Give Me That Old Time Technology
Posted by: Stephen Wildstrom on February 21, 2007
I have recently renewed a long-time interest in old scientific instruments and, along the way, I think I have learned something interesting about today’s technology, compared to the way things used to be.
My latest acquisition, by way of of eBay of course, is a Keuffel & Esser Model 4092-3 log-log slide rule, a lovely mahogany and celluloid device 70 or so years old that works as well as it did they day it was bought. Lesson No. 1: Today we buy disposable technology. This stuff was built to last.
I’ve spent some time reacquainting myself with the slide rule, a tool I last used in high school. I am struck by how it is simultaneously elegantly simple and very sophisticated. Provided you are prepared to settle for no more than three digits of precision, even badly out of practice I can probably do a compound interest calculation on the log-log scales faster that I could in Excel or on my HP 12c financial calculator.
Lesson No. 2: Technology used to be transparent. I have only the vaguest idea of how an electronic calculator works, and that's a lot more than most people. But the theory and practice of the slide rule, even those tricky log-log scales, should be readily understandable to a student who has made it through high school precalculus. We trust our lives daily to devices of whose workings we have no understanding whatsoever. I'm not sure this is a good thing.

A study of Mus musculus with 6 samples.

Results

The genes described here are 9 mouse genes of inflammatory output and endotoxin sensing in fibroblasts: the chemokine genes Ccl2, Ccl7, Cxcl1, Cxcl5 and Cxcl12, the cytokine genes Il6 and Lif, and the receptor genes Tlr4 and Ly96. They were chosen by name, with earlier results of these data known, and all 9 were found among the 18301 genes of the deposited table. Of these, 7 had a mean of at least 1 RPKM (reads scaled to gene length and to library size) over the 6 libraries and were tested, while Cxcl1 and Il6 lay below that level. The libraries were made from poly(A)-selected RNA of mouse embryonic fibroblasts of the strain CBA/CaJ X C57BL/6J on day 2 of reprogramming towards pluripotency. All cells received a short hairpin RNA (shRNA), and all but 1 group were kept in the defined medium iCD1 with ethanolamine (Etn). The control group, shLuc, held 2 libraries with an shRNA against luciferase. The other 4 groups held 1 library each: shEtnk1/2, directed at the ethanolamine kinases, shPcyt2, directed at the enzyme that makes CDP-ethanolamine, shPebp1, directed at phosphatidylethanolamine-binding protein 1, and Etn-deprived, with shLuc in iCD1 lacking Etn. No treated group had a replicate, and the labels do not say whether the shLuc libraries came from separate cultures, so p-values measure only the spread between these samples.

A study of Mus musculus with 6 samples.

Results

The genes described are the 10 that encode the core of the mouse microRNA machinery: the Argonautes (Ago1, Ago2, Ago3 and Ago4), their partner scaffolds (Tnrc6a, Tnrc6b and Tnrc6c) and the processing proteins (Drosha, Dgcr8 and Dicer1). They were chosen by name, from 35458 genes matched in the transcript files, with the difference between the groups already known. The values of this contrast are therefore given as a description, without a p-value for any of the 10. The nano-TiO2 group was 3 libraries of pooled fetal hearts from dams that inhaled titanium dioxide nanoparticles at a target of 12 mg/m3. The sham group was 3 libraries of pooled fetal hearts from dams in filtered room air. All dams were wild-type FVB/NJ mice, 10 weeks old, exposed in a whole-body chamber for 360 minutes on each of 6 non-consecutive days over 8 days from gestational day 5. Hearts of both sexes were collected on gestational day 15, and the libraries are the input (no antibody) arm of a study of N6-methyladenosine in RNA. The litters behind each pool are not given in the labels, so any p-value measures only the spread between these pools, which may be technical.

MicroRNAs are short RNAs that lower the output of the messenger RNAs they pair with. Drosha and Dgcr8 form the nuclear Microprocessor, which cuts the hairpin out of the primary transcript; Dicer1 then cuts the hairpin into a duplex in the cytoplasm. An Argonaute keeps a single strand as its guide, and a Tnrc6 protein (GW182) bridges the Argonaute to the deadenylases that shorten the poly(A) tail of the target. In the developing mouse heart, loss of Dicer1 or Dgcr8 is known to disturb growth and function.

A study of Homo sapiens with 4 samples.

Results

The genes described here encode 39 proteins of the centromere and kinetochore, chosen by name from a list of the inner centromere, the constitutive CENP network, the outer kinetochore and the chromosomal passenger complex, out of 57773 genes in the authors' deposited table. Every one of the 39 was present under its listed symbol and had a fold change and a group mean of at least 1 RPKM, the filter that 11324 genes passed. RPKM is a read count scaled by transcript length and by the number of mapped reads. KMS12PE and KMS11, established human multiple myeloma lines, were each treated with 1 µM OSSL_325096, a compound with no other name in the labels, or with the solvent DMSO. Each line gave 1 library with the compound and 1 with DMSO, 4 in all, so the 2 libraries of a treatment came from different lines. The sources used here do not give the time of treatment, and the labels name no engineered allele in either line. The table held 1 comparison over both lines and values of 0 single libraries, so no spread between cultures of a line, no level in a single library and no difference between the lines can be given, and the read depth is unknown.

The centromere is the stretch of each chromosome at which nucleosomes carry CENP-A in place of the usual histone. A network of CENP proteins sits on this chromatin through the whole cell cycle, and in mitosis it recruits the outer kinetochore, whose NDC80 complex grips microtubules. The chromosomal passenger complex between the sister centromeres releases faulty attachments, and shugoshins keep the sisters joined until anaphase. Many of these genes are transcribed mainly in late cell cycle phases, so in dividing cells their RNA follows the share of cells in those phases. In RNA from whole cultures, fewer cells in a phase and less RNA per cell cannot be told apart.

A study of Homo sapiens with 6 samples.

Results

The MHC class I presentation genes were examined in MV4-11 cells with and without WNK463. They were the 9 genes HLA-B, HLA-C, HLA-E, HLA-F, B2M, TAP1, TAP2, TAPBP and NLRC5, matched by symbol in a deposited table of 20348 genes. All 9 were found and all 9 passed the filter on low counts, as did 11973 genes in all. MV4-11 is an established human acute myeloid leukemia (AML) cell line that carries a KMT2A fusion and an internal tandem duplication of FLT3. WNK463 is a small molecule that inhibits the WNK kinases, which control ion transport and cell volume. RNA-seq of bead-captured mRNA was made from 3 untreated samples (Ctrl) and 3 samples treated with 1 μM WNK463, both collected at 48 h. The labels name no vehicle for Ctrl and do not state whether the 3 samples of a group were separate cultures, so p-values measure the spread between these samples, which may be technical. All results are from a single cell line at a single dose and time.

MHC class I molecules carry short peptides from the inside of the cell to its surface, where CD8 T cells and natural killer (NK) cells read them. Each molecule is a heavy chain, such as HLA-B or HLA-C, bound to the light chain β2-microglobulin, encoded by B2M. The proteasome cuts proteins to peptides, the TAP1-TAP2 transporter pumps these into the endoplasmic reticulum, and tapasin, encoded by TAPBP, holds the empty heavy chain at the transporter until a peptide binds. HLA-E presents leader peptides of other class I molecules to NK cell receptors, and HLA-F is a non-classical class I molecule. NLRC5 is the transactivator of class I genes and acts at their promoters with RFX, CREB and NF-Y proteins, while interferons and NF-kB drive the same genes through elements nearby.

My other recent acquisition, also through eBay, was an instrument more obscure and even more marvelous than the slide rule. It's called a compensating polar planimeter, also by Keuffel & Esser, and it's used to measure the area enclosed by a curve, for example, the area of a lake on a map.
Looking at a planimeter, it's far from clear how it works or even what it does. But the K&E manual helpfully includes a section on the theory of its operation. (For the mathematically inclined, the planimeter is based on Green's Theorem, which relates the area bounded by a curve to the line integral of the boundary.
Planimeters, unlike slide rules, are still made and used, but the contemporary ones are, of course, electronic rather than mechanical and, like all electronic devices, their workings are inscrutable. My half-century old version has never needed batteries and, if you use it with a careful and steady hand, can measure areas to one one-hundredth of a square inch.
Lesson No. 3: Our new digital tools are faster, usually cheaper, and require much less skill to use than their mechanical predecessors. But I can't help but think that we have lost something valuable in the process.